Back in April I wrote, “My sense is that [Mitt Romney will] be a better general election candidate than he was a GOP primary candidate, that a contest against Obama will play to his strengths better than a contest against other Republicans. We’ll find out in due course. But if I were David Axelrod, I’d be concerned.”

As of now, that intuition seems to have been correct. As this New York Times article makes clear, Governor Romney has been on the offensive for most of May. “Mr. Romney is already running the campaign he and top aides say they envisioned more than a year ago,” according to the Times, “forcing Mr. Obama to defend his economic record in a gloomy environment.” The story goes on to report on the strengths of the Romney operation: discipline, efficiency and execution. In addition, according to the most recent CNN-ORC poll, Governor Romney’s favorable ratings have surged, having risen 14 points since February.

If the Romney campaign has shown itself far superior to the John McCain campaign, then the Obama campaign of 2012 has shown itself far inferior to the Obama campaign of 2008.

Right now, it seems to be run by amateurs.

The Bain attacks against Romney – which we were told would be the poison-tipped arrow in the Obama quiver – have been strikingly ineffective. So has the effort to portray the GOP as engaged in a “war on women.” Even their effort to make Seamus the Dog an issue in this campaign hasn’t worked. Some of Obama’s leading surrogates – including Mayor Cory Booker, Governor Deval Patrick, and former President Bill Clinton – are saying things that are helping, not hurting, Romney, to the point that they’re making cameo appearances in Romney ads.

The Obama administration is embroiled in a nasty and politically counterproductive fight with Catholic institutions. Obama’s campaign succeeded in bollixing up the anniversary of the killing of Osama bin Laden by releasing a tendentious video that made the president, and not the Navy SEALS who actually carried out the operation, to be the hero. Obama’s solicitor general, Donald Verrilli Jr., was widely panned even by liberals for his inept defense of the Affordable Care Act. (The Supreme Court will rule on its constitutionality later this month.) Nor will the president meet his initial goal of raising $1 billion for his campaign. In fact, he might (a) raise less than he did in 2008 ($750 million) and (b) end up being outspent by his opponent this time around.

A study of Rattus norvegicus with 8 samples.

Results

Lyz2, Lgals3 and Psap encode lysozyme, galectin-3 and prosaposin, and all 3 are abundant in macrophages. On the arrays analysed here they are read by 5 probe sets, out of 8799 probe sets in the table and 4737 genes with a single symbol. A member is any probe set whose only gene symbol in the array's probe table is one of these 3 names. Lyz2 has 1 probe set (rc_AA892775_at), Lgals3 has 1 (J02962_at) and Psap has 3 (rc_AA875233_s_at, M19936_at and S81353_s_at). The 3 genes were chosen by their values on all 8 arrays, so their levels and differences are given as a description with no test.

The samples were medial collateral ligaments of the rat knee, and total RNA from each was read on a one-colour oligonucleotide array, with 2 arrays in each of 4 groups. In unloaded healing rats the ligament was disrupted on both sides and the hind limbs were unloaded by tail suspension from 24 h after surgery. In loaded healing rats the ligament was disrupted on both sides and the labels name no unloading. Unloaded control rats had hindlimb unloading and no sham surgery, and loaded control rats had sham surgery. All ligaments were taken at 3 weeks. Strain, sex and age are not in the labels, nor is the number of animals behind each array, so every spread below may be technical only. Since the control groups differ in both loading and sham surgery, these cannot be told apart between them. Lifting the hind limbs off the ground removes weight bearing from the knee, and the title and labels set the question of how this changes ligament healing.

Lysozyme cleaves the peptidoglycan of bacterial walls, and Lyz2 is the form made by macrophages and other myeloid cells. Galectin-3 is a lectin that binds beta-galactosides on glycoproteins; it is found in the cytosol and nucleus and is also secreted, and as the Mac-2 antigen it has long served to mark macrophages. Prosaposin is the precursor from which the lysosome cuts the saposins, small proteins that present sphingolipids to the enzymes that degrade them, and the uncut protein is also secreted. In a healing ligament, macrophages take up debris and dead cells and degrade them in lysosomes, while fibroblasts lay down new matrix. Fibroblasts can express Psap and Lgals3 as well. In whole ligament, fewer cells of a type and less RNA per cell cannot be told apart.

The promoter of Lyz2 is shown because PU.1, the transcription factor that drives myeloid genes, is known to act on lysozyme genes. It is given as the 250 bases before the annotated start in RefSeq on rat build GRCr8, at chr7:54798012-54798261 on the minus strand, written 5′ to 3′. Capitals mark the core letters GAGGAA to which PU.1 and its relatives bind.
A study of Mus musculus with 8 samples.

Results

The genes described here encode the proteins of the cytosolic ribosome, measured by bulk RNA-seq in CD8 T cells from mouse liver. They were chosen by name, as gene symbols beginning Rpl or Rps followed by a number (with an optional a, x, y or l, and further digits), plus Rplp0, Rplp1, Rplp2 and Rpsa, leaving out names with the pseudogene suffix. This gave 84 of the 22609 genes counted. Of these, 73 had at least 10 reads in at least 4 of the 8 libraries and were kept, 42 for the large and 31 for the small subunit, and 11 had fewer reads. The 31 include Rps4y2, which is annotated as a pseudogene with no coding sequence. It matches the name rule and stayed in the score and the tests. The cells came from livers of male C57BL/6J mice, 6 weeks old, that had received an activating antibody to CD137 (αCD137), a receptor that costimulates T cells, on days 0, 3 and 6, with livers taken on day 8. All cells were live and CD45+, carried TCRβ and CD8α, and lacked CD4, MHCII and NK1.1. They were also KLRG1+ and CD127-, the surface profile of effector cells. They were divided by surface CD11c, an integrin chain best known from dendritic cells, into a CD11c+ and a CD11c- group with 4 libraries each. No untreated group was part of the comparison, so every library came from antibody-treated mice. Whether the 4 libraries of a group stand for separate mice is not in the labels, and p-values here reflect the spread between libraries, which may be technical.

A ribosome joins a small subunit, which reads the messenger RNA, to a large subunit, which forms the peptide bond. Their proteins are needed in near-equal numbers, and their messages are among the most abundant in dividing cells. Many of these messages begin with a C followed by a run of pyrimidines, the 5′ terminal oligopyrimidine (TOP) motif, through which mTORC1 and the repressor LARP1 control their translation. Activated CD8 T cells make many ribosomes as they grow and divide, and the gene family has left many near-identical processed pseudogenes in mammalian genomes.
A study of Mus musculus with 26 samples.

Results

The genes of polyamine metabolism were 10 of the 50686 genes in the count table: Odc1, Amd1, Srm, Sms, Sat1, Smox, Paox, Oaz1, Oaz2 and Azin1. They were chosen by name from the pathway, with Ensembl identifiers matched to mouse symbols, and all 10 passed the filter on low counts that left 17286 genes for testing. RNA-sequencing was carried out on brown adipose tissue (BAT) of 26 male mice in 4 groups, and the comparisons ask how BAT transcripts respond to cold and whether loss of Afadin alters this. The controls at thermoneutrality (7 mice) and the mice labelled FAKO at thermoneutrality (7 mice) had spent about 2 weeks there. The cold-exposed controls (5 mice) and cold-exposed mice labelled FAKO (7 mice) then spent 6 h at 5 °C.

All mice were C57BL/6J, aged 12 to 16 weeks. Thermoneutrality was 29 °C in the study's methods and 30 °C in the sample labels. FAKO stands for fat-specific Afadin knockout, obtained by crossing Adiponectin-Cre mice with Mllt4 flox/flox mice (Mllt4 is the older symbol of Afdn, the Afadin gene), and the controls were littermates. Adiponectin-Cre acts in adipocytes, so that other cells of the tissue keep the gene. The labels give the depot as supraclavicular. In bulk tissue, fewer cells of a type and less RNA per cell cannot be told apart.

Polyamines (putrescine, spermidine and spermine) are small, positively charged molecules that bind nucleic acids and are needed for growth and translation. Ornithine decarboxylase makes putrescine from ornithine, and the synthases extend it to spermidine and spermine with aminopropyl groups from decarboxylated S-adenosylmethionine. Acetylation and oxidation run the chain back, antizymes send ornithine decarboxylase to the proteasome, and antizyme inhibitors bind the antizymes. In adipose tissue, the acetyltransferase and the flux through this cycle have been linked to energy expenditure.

In addition, the president’s formal kick off of his re-election campaign, held at Ohio State University, was met with a lot of empty seats. Vice President Joe Biden, in prematurely endorsing same-sex marriage, awkwardly forced the president to do the same thing three days later. The president’s ads have been almost uniformly unimpressive. Last Friday, when May’s weak jobs report was announced, the Obama campaign released an ad featuring Vogue editor-in-chief Anna Wintour imploring viewers to join Wintour, Sarah Jessica Parker, Michelle Obama and the president at a fundraiser in New York City later his month. “Sarah Jessica and I both have our own reasons for supporting President Obama, and we want to hear yours,” the British-born Wintour, who reportedly makes $2 million a year, says. “So please join us, but just don’t be late.” It was widely lampooned.

The Obama campaign, then – at least for now — is unfocused and ragged around the edges. David Axelrod, David Plouffe, and Jay Carney often seem unable to respond in a coherent fashion to the most predictable questions. Listening to them is sometimes cringe-inducing. Even Maureen Dowd of the New York Times has turned on Obama. “The president who started off with such dazzle now seems incapable of stimulating either the economy or the voters,” Dowd wrote on Sunday.

It’s a fair judgment, I think, to say that ineptness has characterized much of Obama’s presidency. It appears as if that quality has spilled over into his campaign. That may change between now and November 6. But for now, Democrats are experiencing a fearful symmetry of sorts.

Like I said, if I were David Axelrod, I’d be concerned.